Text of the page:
The Federal Reserve raised interest rates on Wednesday, a move that was widely expected but still marked a milestone in the United States central bank's shift from policies used to battle the 2007-2009 financial crisis and recession.
The median forecast of members of the Fed's rate-setting Federal Open Market Committee (FOMC) puts the benchmark at 3.1 per cent at the end of 2019, up from the previous 2.9 per cent, which signals four hikes next year rather than three.
At the end of March, the average interest rate charge on cards, according to the Fed, was 15.32%, an 18-year high. The step was needed, the Fed said, to be sure rates stay within the intended boundaries. With the economy now nine years into an expansion, the move reflects the steadiness of growth, the job market's strength and inflation that's finally reaching the Fed's 2 percent target level.
Trump's imposition of tariffs on steel and aluminum imports has enraged US allies. At the same time, they project the unemployment rate to fall to 3.6 percent this year, down from earlier projections of 3.8 percent.
Policy makers said in a one-page statement that the labor market "has continued to strengthen" and than economic activity "has been rising at a solid rate". For 2020, the Fed foresees a median rate of 3.4 percent. After years in which the economy expanded at roughly a tepid 2 per cent annually, growth could top 3 per cent this year. The central bank is aiming to keep record low unemployment and a glut of federal spending from pushing inflation beyond the Fed's 2 percent target.More news: Donald Trump and Kim Jong Un share historic handshake at Sentosa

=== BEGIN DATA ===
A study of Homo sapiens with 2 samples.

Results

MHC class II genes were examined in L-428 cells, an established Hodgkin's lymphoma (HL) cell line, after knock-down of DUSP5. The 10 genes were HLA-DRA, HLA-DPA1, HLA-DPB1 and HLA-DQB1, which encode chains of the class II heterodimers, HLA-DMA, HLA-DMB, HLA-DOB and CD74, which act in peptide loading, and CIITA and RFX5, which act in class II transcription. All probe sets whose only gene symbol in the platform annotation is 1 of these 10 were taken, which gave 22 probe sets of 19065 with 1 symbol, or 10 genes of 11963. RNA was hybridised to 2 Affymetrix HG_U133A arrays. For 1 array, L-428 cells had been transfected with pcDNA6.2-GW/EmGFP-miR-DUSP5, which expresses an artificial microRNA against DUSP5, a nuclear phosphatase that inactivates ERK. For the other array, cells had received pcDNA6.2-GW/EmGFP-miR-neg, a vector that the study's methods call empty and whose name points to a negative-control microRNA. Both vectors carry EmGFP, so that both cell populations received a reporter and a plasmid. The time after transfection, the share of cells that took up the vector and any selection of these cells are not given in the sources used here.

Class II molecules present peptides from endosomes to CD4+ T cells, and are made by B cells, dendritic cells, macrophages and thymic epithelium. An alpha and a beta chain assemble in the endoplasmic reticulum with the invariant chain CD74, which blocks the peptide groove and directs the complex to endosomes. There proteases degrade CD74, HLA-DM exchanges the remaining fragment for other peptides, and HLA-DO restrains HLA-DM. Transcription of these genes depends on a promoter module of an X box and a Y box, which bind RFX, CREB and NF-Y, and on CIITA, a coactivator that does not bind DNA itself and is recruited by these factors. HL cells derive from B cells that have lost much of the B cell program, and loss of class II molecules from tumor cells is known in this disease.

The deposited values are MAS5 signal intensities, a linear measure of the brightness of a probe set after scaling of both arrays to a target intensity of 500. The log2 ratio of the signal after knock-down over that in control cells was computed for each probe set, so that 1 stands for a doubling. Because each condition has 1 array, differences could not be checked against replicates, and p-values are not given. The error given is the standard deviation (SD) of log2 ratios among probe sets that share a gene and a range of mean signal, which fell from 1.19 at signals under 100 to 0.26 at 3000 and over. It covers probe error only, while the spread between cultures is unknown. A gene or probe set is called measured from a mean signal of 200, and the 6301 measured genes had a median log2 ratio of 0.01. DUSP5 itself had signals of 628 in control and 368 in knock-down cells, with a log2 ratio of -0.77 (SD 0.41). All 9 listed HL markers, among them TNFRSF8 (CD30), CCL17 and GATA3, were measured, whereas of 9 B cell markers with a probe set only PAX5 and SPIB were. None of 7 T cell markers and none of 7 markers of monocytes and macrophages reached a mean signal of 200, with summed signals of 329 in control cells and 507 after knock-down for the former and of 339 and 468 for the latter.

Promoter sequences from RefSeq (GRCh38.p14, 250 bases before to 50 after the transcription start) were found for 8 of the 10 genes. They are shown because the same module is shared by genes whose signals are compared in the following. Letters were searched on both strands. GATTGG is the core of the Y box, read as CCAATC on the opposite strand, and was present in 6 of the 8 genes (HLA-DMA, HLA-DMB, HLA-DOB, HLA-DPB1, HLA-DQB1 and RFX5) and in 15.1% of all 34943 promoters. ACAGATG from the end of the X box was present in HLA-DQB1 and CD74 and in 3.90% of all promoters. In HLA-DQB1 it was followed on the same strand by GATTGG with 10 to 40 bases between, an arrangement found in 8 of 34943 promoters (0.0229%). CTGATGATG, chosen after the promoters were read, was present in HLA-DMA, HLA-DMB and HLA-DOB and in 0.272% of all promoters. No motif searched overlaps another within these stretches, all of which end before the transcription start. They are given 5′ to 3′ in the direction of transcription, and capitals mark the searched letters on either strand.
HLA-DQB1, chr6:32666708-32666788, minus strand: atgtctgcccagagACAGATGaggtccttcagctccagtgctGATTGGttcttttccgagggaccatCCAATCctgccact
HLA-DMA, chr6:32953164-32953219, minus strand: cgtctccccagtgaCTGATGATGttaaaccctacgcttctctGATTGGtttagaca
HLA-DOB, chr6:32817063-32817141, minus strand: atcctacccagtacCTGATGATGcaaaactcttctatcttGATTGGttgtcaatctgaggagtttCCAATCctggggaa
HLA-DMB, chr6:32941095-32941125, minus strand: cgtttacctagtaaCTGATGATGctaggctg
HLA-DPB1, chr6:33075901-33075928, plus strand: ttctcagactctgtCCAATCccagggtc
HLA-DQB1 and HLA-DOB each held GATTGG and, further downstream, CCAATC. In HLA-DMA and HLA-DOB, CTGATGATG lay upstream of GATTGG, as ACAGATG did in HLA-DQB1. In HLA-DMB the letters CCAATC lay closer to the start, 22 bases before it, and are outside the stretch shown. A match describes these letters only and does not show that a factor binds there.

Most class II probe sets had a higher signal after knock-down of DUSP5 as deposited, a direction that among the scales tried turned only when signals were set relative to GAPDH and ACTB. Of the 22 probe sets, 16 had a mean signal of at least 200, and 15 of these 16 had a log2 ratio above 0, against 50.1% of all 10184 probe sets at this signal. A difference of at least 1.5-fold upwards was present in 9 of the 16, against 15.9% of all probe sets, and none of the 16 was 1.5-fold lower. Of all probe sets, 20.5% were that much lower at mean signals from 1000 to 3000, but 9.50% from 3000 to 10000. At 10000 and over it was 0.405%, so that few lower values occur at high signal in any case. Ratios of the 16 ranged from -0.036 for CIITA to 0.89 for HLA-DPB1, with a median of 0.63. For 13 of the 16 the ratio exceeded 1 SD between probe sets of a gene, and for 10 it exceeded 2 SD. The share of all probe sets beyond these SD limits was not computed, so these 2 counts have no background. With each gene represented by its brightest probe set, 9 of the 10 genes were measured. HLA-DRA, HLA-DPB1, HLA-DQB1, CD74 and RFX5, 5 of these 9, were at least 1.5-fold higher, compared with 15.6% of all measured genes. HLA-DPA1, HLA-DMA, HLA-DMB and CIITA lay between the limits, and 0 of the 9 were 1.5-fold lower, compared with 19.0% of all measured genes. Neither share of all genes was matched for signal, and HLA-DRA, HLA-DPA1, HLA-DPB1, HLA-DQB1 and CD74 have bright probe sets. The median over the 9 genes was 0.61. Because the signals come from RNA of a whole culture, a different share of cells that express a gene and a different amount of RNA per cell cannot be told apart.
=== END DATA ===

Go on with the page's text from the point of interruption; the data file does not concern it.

This was the seventh rate hike since late 2015, when the Fed first began lifting interest rates from nearly zero. It then raised rates once in 2015, once in 2016, three times in 2017 and now twice this year.
Fed officials have begun to debate publicly how close the economy is to overheating. Prices did not spike in response to the vast monetary stimulus, nor has the job market cooled since 2015 when the Fed began tightening policy.
The Fed's meeting this week is to be followed by policy meetings of two other major central banks - the European Central Bank on Thursday and the Bank of Japan on Friday. But if it miscalculates and overdoes the credit tightening, it can trigger a recession.
The current economic expansion is the second-longest in US history, and will set a record if it lasts a bit more than a year longer. It will become the longest if it lasts past June 2019, at which point it would surpass the expansion that lasted from March 1991 to March 2001. All those countries have vowed to retaliate against any US tariffs with their own penalties against USA goods.